Now available to all Halo users: Cortex v1.1


This post was originally published here by ash wilson.

We’ve just released Cortex v1.1 (, and while some changes may seem subtle, they greatly improve the functionality and efficiency of Cortex, giving you an even more seamless experience.

Some of the changes you’ll see include:

File-based configuration for scheduled jobs:

In the original design, users could disable certain components in Cortex and re-implement them in with other automation systems. Now, we have refactored the scheduler and task dispatcher to make scheduled task dead simple to add. It’s as easy as copying a config file, adjusting the config file to meet your specific task’s requirements, and restarting the scheduler component. The schedule is defined in the config file, and the task’s code itself lives in a container image.

Though the ease of adding new functionality to Cortex itself was originally just a secondary goal, early feedback indicated that instead of using Cortex as a set of training wheels to jumpstart security automation, many of our users wanted to build additional integrations on top of Cortex.

We’ve also included a few tasks for getting events and scan results from the Halo platform to S3, in the Cortex repository. Adding a new scheduled task is as simple as creating a config file to describe the task and schedule, and then building a container image that contains the code that performs the task. This bears some similarity to serverless – or function-as-a-service – applications. Cortex’s scheduler, however, is cloud platform-independent.

For more detailed information on enabling scheduler tasks, take a look here:

Policies for monitoring scheduled tasks in Cortex:

Simply moving information from one place to another is only part of the challenge when automating the delivery of compliance information. If the task is interrupted or fails to complete, you need to be notified quickly so that you can take corrective action as soon as possible. To make this easy, we’ve included a Halo Log-based IDS (LIDS) policy within Cortex to track (and optionally alert on) task execution failures.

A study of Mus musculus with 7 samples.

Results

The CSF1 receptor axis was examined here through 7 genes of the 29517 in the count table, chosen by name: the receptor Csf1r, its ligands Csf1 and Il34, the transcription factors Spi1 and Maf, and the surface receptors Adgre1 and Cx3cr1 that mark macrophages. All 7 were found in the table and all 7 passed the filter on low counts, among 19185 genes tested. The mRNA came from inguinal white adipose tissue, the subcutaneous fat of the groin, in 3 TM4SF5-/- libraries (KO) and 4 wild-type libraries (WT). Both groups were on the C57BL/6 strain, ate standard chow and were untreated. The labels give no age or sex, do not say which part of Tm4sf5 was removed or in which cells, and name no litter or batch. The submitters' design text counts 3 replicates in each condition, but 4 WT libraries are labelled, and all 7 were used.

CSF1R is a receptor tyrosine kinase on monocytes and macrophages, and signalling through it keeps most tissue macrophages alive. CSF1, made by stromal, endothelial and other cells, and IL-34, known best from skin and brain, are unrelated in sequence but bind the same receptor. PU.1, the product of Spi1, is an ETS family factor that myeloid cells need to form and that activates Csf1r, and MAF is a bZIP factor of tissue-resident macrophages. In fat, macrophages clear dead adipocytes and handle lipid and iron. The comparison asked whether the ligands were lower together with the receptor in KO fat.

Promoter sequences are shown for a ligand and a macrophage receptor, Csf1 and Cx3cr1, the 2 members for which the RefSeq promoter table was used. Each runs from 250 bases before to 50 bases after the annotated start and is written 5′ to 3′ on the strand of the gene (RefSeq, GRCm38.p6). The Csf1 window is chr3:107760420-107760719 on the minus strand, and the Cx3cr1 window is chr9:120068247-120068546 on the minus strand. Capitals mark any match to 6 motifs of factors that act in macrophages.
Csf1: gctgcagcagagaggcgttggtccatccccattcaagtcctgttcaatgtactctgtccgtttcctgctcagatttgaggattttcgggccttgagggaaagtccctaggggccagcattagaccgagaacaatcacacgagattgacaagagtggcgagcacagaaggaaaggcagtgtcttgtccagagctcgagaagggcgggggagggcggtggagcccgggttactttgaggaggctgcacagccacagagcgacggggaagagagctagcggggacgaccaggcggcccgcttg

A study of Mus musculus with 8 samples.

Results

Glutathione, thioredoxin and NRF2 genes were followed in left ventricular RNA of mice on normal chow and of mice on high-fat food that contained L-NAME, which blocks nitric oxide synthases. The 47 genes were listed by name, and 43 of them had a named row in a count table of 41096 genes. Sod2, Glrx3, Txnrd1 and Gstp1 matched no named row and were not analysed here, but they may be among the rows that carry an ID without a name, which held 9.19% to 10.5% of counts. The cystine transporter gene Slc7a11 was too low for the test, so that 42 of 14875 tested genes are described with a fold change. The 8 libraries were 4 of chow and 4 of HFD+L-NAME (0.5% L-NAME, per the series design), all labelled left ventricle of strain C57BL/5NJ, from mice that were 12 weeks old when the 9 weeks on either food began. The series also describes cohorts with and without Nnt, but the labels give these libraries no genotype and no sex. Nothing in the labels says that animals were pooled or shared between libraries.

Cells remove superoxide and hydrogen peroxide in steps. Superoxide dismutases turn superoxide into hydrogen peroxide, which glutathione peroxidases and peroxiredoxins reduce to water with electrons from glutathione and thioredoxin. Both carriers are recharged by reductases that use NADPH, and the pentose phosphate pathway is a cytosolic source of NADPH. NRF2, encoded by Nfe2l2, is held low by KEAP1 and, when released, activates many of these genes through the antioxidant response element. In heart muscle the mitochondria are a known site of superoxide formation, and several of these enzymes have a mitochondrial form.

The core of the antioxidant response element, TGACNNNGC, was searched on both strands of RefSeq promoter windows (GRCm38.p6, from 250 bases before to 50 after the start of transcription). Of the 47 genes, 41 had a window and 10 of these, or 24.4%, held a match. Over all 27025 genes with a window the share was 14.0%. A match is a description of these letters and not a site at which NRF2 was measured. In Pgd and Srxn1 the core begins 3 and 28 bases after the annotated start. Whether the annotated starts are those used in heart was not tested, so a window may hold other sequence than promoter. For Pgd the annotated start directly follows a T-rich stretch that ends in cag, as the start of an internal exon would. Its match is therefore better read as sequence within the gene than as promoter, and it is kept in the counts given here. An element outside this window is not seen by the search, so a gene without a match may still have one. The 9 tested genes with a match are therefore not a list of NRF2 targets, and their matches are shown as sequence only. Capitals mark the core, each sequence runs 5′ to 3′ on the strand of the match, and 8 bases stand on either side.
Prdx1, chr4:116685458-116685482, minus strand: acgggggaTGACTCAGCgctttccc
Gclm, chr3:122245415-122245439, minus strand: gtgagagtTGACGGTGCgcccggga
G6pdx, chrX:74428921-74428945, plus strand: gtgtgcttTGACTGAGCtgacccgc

Instructions for setting up Cortex for this kind of monitoring using Halo are here:

Proxy support:

Cortex now supports deployment behind a web proxy. One environment variable, and the setting propagates to all components in the Cortex application.

For more information, see

Improved reliability:

Parts of Cortex depend on external services (like Slack). When Cortex is unable to maintain a connection with these other services, the Cortex component responsible for managing that communication automatically restarts. Since no application components in Cortex carry critical state, we simply restart the specific component that’s experiencing the issue.

Feedback from Cortex v1.0 users indicated that some components were restarting more frequently than we want them to. We have improved the logic in Cortex that maintains connections with those external services so that we can more gracefully handle sub-optimal operating conditions without immediately resorting to a component restart.